SINGAPORE (Jan 17): UMS Holdings has gained from the turnaround in the semiconductor industry. In its most recent 3Q ended September 2019, UMS reported earnings of $9.2 million, a 21% improvement from the previous year. Revenue, too, increased 12% y-o-y to $32.9 million.
In an interview with The Edge Singapore back in November, UMS CEO Andy Luong noted that despite the recent recovery, the industry at large remains prone to volatility and fluctuations. “The semiconductor business has been great for us; let’s make no mistake about that. But it can be challenging because it can get a bit choppy,” he said.
In a bid to shield itself from the adverse effects of cyclical volatility and changes in demand patterns amid a climate of macroeconomic uncertainties, UMS recently increased its stake in JEP Holdings, which produces precision parts and provides engineering services for clients in the aviation industry. As at end November, UMS held 39.09% of JEP, a significant increase from its initial stake of 7.48%.
With a controlling stake in JEP, UMS is now primed to tap on both the semiconductor industry as well as the aviation industry. According to Luong, the shift into the aviation industry offers the group long-term prospects and high growth for the next two decades.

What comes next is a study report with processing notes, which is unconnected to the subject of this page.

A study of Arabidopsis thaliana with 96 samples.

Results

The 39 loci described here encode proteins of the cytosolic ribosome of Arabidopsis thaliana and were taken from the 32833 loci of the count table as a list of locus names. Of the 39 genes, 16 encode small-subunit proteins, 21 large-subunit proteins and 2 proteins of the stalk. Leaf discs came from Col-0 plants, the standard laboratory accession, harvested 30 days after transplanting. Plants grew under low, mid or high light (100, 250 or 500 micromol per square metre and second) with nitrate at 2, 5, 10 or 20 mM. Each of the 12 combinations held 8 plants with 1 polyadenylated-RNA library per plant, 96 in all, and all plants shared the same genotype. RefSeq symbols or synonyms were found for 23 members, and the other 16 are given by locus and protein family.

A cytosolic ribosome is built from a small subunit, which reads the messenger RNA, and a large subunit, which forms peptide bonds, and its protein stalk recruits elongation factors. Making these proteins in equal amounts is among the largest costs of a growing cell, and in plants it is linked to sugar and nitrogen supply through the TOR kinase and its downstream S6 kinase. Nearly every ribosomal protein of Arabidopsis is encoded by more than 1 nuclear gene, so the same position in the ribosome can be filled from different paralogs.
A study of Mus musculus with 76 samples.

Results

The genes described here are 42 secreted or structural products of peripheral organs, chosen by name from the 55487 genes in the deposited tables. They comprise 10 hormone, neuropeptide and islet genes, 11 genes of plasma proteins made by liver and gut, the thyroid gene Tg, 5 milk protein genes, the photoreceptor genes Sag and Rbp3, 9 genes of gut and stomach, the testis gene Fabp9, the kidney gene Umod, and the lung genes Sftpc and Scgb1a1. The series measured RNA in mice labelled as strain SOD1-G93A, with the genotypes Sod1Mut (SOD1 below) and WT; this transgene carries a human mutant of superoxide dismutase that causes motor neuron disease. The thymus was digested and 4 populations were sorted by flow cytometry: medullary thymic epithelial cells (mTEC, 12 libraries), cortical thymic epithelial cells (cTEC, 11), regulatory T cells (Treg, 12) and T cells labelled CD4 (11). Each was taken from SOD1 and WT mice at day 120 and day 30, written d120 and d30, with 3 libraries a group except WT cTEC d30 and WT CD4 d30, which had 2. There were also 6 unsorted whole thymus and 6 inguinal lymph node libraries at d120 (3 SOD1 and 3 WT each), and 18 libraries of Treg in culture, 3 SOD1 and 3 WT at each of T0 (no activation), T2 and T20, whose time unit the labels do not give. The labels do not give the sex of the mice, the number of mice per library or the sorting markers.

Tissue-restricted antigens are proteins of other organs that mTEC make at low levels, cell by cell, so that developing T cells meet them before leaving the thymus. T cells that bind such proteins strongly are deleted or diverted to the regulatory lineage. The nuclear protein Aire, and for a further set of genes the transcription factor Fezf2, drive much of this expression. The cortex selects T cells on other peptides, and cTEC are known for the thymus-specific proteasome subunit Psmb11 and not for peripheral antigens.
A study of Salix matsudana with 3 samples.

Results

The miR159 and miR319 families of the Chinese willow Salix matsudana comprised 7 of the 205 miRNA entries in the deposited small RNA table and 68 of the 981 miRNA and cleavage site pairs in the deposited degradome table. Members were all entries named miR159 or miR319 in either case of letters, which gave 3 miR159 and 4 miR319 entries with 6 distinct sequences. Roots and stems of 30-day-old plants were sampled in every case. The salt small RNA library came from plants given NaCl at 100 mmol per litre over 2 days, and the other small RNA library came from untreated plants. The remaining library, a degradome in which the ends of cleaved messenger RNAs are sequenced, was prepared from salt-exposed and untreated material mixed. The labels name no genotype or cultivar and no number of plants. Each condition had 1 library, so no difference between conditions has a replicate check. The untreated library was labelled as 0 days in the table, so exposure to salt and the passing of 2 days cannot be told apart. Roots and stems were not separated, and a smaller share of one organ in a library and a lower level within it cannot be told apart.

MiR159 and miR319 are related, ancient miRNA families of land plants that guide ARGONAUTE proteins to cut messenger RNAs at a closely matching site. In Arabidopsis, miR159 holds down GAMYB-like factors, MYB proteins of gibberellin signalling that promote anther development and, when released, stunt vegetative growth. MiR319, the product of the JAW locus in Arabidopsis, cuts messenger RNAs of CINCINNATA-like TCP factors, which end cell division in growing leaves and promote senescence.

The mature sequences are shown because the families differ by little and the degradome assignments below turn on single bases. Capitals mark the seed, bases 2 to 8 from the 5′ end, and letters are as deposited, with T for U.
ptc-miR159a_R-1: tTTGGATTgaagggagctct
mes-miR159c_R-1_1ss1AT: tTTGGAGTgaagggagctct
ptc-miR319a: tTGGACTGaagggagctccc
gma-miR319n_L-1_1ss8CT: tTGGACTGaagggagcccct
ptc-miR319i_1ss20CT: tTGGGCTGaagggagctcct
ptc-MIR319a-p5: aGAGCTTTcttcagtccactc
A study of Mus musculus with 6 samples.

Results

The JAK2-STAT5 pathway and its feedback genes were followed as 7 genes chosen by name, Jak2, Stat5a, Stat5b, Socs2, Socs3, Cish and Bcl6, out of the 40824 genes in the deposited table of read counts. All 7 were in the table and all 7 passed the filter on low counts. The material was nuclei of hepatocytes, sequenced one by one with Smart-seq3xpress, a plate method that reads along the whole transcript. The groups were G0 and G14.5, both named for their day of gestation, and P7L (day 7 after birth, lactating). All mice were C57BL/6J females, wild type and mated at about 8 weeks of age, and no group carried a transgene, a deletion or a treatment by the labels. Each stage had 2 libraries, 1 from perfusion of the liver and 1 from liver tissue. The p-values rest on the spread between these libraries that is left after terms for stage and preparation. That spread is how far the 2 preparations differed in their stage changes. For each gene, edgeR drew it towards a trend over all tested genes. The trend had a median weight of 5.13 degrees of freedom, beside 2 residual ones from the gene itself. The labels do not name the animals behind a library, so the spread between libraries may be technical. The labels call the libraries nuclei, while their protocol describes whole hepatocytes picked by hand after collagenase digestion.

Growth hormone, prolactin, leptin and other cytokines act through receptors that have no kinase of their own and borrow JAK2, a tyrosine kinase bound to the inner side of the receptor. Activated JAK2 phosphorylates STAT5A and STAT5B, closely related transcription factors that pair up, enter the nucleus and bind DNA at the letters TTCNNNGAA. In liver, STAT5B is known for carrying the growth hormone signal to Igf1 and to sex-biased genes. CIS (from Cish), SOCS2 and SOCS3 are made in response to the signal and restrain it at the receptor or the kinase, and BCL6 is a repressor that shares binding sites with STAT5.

Market watchers agree. Maybank Kim Eng analyst Lai Gene Lih is especially optimistic on the group’s diversification strategy. “Through associate JEP, UMS is expanding precision metals engineering to non-semiconductor sectors such as aerospace, which sees tailwinds from outsourcing trends,” noted Lai in a recent report.
In addition, Lai also notes that apart from JEP, UMS is also exposed to chemical engineering solutions via a 51% stake in Kalf Engineering, and has integrated part of its upstream process with a 70% stake in Starke Singapore.
Looking ahead, Lai forecasts that UMS will see Patmi growth of 31% in FY2020E, driven by sustained investments from logic and foundry end-customers, and recovery from memory end-customers. Lai has a “buy” call on the stock, with a target price of $1.13, representing 14% upside from the Jan 13 closing price of $1.04.
Apart from its diversification strategy, UMS has also embraced cost-cutting measures. For instance, both UMS and JEP have begun shifting certain labour-intensive operations from Singapore to cheaper areas of production such as Malaysia, Vietnam and Indonesia. “We have to find different solutions to make our solutions and products cheaper,” said Luong.
To illustrate, Luong noted that while one engineer in Singapore would set the group back by some $3,500 per month, the same engineer in Malaysia would only cost about $1,500.
As a result, JEP’s bottom gross margin for 1HFY2019 ended Sept 30, 2019, came in at 19%, an increase from 10% in 1HFY2018. In addition, UMS saw its share of profits from JEP surge 82% y-o-y to $0.7 million.
While the outlook remains rosy, the recent acquisitions have forced the group to slash its dividends by half. For FY2019 thus far, UMS has paid a quarterly dividend of 0.5 cent per share, compared with the one cent dividend for the first three quarters of FY2018. However, Luong says this is not likely to last as he works to restore UMS's cash flow and cash balances to its previous levels.